DiSalvo, Leonard go at it again
ASPEN – There’s no mistaking sheriff candidates Joe DiSalvo and Rick Leonard know where each other stands on the issues. On Thursday in Aspen’s City Council chambers, they made sure of that.
The two lawmen faced off in the second Squirm Night of this election season, rehashing their positions and philosophies of how the Pitkin County Sheriff’s Office needs to be run in the aftermath of the Bob Braudis era, which began in 1987 and ends in January.
Both candidates stayed true to their platforms.
DiSalvo, 50, said he believes the sheriff’s department needs little more than some fine-tuning and not much more.
“It would be really crazy of me to come in and start making sweeping changes,” he said. “That would set us back 10 years.”
Leonard, however, argued for a seemingly major overhaul, the overall objective being a more aggressive approach toward law enforcement.
Leonard, 54, a lawman who worked in both New York and Florida before retiring to the valley 41⁄2 years ago, said there’s a misperception that he would not be an effective rural sheriff because of his geographic past.
“I don’t accept the notion that someone can’t come from a big-city background and be effective in a smaller community,” he said.
DiSalvo, meanwhile, said the most significant changes he would implement at the sheriff’s office would be borne out of keeping pace with technology. From creating cell-phone coverage in rural backcountry areas to enhancing the department’s information technology, the 24-year veteran of local law enforcement said the sheriff’s office needs to stay with the times.
“When it comes to technology we need to keep moving into the next decade,” he said.
The two candidates spent a good chunk of time debating their philosophies toward enforcing drug laws.
Leonard suggested that the sheriff’s office has a passive approach to drug-law enforcement, chiefly because it does not act on anonymous tips.
“I think you would be hard pressed to find another law enforcement agency that would not accept an anonymous complaint” about drug dealing activity, Leonard said. “Most law enforcement agencies … if you call to report someone’s dealing drugs, they’ll assign it.”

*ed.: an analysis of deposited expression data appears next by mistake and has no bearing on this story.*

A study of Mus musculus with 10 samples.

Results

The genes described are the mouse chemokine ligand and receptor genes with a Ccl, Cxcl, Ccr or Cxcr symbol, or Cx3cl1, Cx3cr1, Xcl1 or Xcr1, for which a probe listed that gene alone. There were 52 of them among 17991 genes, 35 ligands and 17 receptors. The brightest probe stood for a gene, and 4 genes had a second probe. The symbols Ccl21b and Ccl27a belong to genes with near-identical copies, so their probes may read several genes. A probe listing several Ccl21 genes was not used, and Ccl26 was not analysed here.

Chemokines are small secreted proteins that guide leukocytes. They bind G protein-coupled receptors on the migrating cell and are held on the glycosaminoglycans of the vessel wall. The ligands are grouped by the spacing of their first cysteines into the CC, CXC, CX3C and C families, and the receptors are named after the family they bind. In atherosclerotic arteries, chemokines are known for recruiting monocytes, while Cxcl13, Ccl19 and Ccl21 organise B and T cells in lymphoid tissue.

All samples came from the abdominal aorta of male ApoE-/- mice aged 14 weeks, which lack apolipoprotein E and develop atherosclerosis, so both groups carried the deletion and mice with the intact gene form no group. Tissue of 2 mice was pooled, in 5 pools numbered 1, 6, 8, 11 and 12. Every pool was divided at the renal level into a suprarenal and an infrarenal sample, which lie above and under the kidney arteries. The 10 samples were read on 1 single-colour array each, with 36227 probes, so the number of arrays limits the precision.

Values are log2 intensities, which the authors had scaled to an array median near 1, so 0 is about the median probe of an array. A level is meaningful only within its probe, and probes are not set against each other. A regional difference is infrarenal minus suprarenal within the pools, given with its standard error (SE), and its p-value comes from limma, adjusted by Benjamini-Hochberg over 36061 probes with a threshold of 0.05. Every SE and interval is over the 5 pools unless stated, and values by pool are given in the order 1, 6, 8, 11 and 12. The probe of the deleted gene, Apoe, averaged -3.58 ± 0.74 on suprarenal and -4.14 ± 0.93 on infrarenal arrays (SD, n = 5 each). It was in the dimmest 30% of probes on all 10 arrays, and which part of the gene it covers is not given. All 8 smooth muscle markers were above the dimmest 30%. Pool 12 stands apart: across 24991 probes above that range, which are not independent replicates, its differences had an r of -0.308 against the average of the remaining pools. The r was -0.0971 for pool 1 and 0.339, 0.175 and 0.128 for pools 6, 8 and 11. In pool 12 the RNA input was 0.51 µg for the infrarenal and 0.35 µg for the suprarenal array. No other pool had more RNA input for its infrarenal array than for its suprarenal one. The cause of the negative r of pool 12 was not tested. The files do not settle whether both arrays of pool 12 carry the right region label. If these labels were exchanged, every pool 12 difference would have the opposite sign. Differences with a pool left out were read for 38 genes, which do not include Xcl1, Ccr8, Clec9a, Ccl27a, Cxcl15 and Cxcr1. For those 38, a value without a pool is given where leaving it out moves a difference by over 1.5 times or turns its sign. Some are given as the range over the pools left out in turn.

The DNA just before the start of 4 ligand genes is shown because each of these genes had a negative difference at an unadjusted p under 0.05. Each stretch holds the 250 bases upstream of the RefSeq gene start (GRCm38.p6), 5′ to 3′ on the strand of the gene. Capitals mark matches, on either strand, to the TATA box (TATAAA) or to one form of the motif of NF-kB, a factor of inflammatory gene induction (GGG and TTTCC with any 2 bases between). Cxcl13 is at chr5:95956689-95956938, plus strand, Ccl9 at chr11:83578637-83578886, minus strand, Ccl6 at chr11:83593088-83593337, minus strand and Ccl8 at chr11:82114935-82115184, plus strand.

He later added: “The reality is they don’t do any drug investigations … That’s preposterous. I think because of the very nature of the crime there are threats to people who live around [drug dealers] and families who live around them.”
DiSalvo defended the sheriff’s office’s practices, and noted that it has a good working relationship with the Drug Enforcement Agency, which he said is more apt to handle drug investigations. The sheriff’s department, he said, is not adequately equipped for involved drug probes.
“Drug work is expensive, takes an incredible amount of training, and it’s dangerous,” he said.
Sticking to his platform, DiSalvo said “jail is no use for people who have drug problems.” Instead, he said he considers drug abuse a health problem, and added that his department will not focus on people who “fire up a joint or are doing a line” in the privacy of their homes.
Leonard apparently has an uphill battle come the Nov. 2 election.
In the August primary, he collected 341 votes, or 12.1 percent, which was good enough to earn a right to face DiSalvo in the general election. DiSalvo posted a commanding win in August, claiming 2,186 votes, or 77.3 percent.